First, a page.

Stimming behavior in autism

“The stimming behavior increased very much, now he is clearly flapping his hand almost all the time (earlier it was just tapping some object on face, now he just shakes his hand for no reason, screaming at least 10-12 times in a day, he is running in circles on the bed , jumping on sofa …I am at my wits end … stimming is my biggest concern…”

As a fellow parent, I completely empathise with the mother who posted the above comments on an autism forum. Stimming behavior makes our children look really autistic. Besides hand flapping, stimming can also take other forms:

  • Visual stimming: staring at lights, repetitive blinking, moving fingers in front of the eyes, rolling eyeballs
  • Auditory stimming: tapping ears, snapping fingers, making vocal sounds
  • Tactile stimming: rubbing the skin with one’s hands or with another object, scratching
  • Vestibular stimming: rocking front to back, rocking side-to-side
  • Taste stimming: placing body parts or objects in one’s mouth, licking objects
  • Smell stimming: smelling objects, sniffing people

Most of the time, these are coping strategies are due to overloads in sensory perception, such as noisy shopping centres, or due to psychological demands such as learning new tasks. Or, stimming behavior could also be due to biological reasons, such as yeast die-off effects. Sometimes, autistic children may also stim from lack of sensory input. In such cases, stimming behavior serves to stimulate the brain. So stimming actually serves a purpose for the autistic child.

In fact, normal adults also stim but not exactly in the same manner. For example, we might pace up and down while talking on the phone or twirl our hair when bored. Many students twirl their pens when solving complex mathematics problems. These activities do help release tension.

Donna Williams, a high functioning autistic individual, had this to say about stimming behavior:

Stimming is a word created by non-auties with often negative connotations. It was a word created by non-auties who didn’t understand that

some folks had compulsive but involuntary tics,
some had self calming tools they didn’t understand,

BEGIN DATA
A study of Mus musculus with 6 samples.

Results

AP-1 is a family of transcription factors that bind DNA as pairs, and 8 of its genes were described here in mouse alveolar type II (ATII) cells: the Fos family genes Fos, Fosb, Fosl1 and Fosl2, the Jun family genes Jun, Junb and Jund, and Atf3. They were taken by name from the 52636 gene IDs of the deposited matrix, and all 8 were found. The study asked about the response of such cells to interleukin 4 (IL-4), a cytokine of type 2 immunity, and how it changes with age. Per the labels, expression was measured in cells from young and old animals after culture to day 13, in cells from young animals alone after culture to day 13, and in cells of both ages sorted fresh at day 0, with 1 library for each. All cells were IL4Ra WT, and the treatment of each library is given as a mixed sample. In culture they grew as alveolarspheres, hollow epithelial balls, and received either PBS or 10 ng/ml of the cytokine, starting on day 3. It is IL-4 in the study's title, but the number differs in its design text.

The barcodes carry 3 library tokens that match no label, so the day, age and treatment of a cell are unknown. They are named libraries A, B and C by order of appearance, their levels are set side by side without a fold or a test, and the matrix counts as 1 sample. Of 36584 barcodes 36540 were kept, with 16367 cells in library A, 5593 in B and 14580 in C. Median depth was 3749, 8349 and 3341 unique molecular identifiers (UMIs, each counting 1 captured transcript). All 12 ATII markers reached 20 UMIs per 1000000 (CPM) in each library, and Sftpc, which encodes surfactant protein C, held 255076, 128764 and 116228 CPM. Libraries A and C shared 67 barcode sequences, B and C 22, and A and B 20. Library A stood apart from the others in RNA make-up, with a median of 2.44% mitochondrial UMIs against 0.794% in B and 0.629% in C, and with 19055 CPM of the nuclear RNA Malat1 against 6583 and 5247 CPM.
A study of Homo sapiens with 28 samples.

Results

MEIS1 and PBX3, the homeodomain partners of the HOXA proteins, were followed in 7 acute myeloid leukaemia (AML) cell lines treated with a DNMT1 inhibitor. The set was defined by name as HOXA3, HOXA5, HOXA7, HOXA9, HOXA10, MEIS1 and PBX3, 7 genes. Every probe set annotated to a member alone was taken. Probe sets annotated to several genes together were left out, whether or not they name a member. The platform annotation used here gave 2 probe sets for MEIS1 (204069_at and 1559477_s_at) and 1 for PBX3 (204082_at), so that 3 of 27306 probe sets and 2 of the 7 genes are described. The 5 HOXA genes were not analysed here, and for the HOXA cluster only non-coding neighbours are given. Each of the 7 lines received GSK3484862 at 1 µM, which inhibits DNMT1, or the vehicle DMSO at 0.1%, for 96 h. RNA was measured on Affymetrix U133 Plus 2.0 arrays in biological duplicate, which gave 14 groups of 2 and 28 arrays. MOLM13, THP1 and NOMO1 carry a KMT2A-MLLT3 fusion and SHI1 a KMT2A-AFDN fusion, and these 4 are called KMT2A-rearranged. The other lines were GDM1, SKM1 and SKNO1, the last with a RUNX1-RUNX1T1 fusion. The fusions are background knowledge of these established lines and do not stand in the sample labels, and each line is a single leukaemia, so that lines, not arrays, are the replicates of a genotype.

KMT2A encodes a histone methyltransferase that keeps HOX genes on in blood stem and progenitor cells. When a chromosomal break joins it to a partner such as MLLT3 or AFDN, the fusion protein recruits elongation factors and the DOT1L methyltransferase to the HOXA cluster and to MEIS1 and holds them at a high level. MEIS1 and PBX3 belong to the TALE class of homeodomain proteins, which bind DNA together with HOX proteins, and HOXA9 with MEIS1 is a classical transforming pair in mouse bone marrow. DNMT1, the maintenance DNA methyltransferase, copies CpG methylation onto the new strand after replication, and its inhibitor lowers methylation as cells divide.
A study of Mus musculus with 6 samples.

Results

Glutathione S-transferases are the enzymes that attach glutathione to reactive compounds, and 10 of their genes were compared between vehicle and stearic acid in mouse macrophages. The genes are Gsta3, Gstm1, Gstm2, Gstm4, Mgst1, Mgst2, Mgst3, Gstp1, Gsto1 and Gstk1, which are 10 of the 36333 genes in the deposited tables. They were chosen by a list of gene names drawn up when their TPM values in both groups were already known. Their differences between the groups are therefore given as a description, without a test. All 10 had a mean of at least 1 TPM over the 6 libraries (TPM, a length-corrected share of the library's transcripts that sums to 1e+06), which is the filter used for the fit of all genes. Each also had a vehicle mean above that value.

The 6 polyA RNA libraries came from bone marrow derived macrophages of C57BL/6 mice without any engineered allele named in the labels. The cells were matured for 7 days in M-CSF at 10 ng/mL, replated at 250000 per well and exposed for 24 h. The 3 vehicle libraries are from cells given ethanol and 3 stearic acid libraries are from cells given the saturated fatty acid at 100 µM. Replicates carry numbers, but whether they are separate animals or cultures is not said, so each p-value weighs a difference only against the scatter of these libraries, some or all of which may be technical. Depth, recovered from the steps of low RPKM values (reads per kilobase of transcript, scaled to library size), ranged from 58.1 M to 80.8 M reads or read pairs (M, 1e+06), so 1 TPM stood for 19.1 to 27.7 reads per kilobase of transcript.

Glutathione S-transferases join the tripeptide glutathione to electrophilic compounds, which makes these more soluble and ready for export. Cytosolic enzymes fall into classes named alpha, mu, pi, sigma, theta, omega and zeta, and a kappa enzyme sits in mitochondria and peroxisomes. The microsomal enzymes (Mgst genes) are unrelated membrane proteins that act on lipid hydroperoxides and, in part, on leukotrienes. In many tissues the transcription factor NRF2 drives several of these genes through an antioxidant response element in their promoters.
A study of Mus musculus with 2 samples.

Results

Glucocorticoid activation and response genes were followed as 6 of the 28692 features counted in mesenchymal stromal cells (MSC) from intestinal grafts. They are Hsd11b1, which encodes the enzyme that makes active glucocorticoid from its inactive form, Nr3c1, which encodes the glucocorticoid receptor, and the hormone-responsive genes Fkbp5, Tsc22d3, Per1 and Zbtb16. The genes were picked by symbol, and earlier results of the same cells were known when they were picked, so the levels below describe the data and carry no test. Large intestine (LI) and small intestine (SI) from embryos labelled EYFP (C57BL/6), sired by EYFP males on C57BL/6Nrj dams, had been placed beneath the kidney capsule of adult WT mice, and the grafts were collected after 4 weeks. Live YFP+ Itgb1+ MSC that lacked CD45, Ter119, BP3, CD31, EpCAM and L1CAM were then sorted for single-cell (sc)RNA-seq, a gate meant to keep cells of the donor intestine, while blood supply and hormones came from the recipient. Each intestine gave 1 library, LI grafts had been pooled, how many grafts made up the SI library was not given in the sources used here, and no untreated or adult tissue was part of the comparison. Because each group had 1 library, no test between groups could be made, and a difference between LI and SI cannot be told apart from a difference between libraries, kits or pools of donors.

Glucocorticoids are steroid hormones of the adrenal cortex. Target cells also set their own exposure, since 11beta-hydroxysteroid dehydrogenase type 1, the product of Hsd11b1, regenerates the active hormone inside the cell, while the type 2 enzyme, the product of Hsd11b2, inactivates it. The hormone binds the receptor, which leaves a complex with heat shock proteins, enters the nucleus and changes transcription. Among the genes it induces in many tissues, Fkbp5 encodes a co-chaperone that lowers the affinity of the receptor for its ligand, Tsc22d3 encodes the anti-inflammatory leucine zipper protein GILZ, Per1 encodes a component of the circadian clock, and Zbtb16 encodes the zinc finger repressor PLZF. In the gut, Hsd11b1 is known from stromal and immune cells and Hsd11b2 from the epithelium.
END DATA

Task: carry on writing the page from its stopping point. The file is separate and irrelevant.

some had sensory fascinations they couldn’t relate to,
some needed to tune out to tune in,
some needed a tool for social distance in the face of compulsive social invaders,
some needed to be repetitive in order to download,
some needed to compensate for a non-autie multitrack world they couldn’t process in their mono-tracked reality,
some needed something to get lost in when utterly blowing all fuses….

and, anyway, the non-auties labelled, as is their tendency, this vast array of experiences with one word as if it was one thing at all times to all people labelled ‘Autistic’.

Forgive them. They know not what they see.

Given this, eradicating stimming behavior could lead to a full blown tantrum melt down. In fact, we allow children to stim as much as they need when they are in our clinic for consultation. However, this is obviously not desirable in public places. So what should parents do about the stimming behavior of their autistic children? If the cause is biological — for example, candida treatment or Vitamin mB12 therapy — the stimming is normally self-limiting and should stop in a matter of several weeks.

If there are obvious environmental stressors — like in a noisy place or consulting in a clinic — the child should be taken out of the situation as soon as possible. Stimming behavior due to new tasks should also resolve once the child has mastered the tasks.

Some autism therapists have suggested substituting full blown stimming behavior like hand flapping, for less obvious behavior like tapping the fingers on the thighs. This would be more socially acceptable. However, this implies that stimming cannot be eradicated. Yet, normal people can stop stimming behavior at will, once they become self-conscious. In other words, they have cortical brain control over their behavior.

Is this achievable for the autistic child or adult? Can we help the autistic child regulate the brain? Yes, my autistic teenage daughter has done this. She has recovered from very severe verbal stimming.